Russia and Ukraine and the impact on UK farming and rural communities


The lack of the huge amount of wheat normally produced in Russia and Ukraine could have a massive impact on world supply and prices for the UK, pushing up prices. And until last week also I hadn’t realised that Ukraine produces 17.5% of the world’s supply of Maize. So, we are likely to see higher world prices. Potentially then it is good news for UK farmers but it is not just about predicted sales prices- costly inputs impact on profits. And rising oil prices mean the already high 2021 fertiliser prices are likely to climb further as well as diesel and other fuel costs.

I had the privilege last week to listen to one of the greatest farm economists, Mark Beresford-Smith of HSBC speaking in Newmarket to set all this out. He suggested that we are now in possibly a position reminiscent of 1973 with the OPEC crisis and the Yom Kippur War. Plus in 1975 we saw up to 25% inflation resulting from our inability to deal with the quadrupling oil prices.

The older farmers out there will remember those times well, and may not be prepared to sit through the same again. So this may mean more older farmers decide to pass the baton of alternative farm income generation in 2022/23/24 to the younger generation as we enter uncertain farm income times after the 2024 fall in subsidies as a result of the Agriculture Act 2020.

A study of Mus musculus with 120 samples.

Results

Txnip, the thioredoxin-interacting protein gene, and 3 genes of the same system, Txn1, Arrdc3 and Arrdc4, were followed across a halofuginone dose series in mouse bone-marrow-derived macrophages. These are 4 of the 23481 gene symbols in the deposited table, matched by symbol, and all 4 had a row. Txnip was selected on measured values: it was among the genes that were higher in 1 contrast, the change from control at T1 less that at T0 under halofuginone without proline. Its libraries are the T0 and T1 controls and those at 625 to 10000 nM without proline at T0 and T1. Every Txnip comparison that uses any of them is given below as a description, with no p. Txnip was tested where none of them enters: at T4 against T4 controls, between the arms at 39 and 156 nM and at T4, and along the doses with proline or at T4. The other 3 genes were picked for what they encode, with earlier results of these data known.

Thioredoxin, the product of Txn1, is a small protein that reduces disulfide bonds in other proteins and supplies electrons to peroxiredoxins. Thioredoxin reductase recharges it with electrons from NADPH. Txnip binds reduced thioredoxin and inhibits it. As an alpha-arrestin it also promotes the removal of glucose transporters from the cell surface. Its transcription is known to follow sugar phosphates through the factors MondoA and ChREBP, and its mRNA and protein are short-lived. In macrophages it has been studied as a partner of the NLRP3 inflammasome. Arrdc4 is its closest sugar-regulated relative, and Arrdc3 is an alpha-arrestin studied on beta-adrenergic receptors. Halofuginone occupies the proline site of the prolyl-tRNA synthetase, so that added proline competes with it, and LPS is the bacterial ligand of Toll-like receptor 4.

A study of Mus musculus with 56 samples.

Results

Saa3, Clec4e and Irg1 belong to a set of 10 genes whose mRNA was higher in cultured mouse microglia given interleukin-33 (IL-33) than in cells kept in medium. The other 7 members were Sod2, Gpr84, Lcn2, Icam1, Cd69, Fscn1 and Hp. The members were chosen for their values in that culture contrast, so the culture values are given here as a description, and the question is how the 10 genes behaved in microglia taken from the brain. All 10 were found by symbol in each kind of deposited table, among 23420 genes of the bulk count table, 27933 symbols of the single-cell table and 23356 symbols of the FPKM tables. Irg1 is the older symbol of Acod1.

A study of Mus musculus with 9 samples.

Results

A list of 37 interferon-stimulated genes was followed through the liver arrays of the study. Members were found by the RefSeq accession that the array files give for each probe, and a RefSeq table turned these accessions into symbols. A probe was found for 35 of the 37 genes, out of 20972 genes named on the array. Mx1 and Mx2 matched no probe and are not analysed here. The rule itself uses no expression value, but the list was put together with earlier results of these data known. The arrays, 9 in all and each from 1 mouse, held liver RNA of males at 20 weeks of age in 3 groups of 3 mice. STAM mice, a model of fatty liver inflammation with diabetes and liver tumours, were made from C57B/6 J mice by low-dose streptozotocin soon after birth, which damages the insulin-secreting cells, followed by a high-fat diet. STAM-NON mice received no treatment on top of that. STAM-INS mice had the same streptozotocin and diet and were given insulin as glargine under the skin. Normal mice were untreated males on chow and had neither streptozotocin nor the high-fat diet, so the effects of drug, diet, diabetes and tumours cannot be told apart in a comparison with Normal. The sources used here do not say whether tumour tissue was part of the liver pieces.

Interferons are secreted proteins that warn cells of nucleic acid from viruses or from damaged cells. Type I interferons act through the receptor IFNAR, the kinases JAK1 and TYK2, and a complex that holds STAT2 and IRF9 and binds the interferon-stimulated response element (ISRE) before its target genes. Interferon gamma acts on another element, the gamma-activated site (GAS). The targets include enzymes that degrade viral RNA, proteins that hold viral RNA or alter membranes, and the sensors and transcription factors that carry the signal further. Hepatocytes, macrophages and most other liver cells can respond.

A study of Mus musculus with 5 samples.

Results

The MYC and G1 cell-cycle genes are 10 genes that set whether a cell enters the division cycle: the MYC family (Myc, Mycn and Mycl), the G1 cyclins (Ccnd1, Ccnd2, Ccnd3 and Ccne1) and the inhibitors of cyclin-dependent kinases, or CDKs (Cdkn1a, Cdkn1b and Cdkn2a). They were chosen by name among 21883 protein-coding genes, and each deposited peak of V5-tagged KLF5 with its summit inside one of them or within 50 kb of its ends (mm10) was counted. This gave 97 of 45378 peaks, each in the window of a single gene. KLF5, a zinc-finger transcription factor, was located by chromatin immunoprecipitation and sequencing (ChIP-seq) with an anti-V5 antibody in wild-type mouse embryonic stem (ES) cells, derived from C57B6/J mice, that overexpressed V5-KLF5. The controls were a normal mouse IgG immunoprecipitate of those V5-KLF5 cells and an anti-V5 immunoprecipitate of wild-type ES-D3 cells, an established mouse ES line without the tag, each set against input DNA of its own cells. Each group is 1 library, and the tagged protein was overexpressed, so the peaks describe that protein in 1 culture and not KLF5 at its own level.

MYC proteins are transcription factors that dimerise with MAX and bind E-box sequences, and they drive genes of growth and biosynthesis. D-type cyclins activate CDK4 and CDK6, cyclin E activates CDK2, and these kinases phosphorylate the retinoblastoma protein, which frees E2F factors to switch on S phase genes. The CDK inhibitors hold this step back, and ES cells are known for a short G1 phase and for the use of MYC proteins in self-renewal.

We know we are dependent on world prices for our UK agriculture sales and inputs. On top of the already high fertiliser prices we will get in April the 54% increase in electricity and gas prices and then possibly more increases in October 2022. Both farmers and non-farmers will be impacted by those costs, but it will make non-oil and non-gas energy sources more profitable. Farmers who are prepared to invest, borrow money and take risks in energy production could pick up income streams when traditional crop subsidy income falls off after 2024.

In January 2022 we saw more details published on the new environmental non-farming schemes, and those will carry environmental benefits for communities if the schemes become financially viable enough for farmers to embrace. The large scale of those schemes will mean collaboration and contracts needing professional advice before commitment between landowners, so as to ensure that each farmer does perform under the scheme, and each contract will need to be properly documented.

This will also mean less traditional food production, and thus conflict with the present perceived need by the UK public for UK farmers to produce cereals that the UK may not be able to import.

I believe this is one of the most exciting times for agriculture, as change driven by necessity is embraced by farming families in their succession planning, coupled with the recognition by local communities of the need for farmers not just as food producers, but also as custodians of wildlife and wellbeing. The non-farming side will need to be considered carefully by farming families – some older members may not have the stomach to abandon food production in the short term whilst prices rise in the short term, but the younger generation may want to borrow on fixed low interest rates to invest in energy production and environmental projects which in the medium to long term produce greater returns than out of food production. Careful professional advice will be needed, and no “one size fits all” will work here in East Anglia: each farming family and farm is different.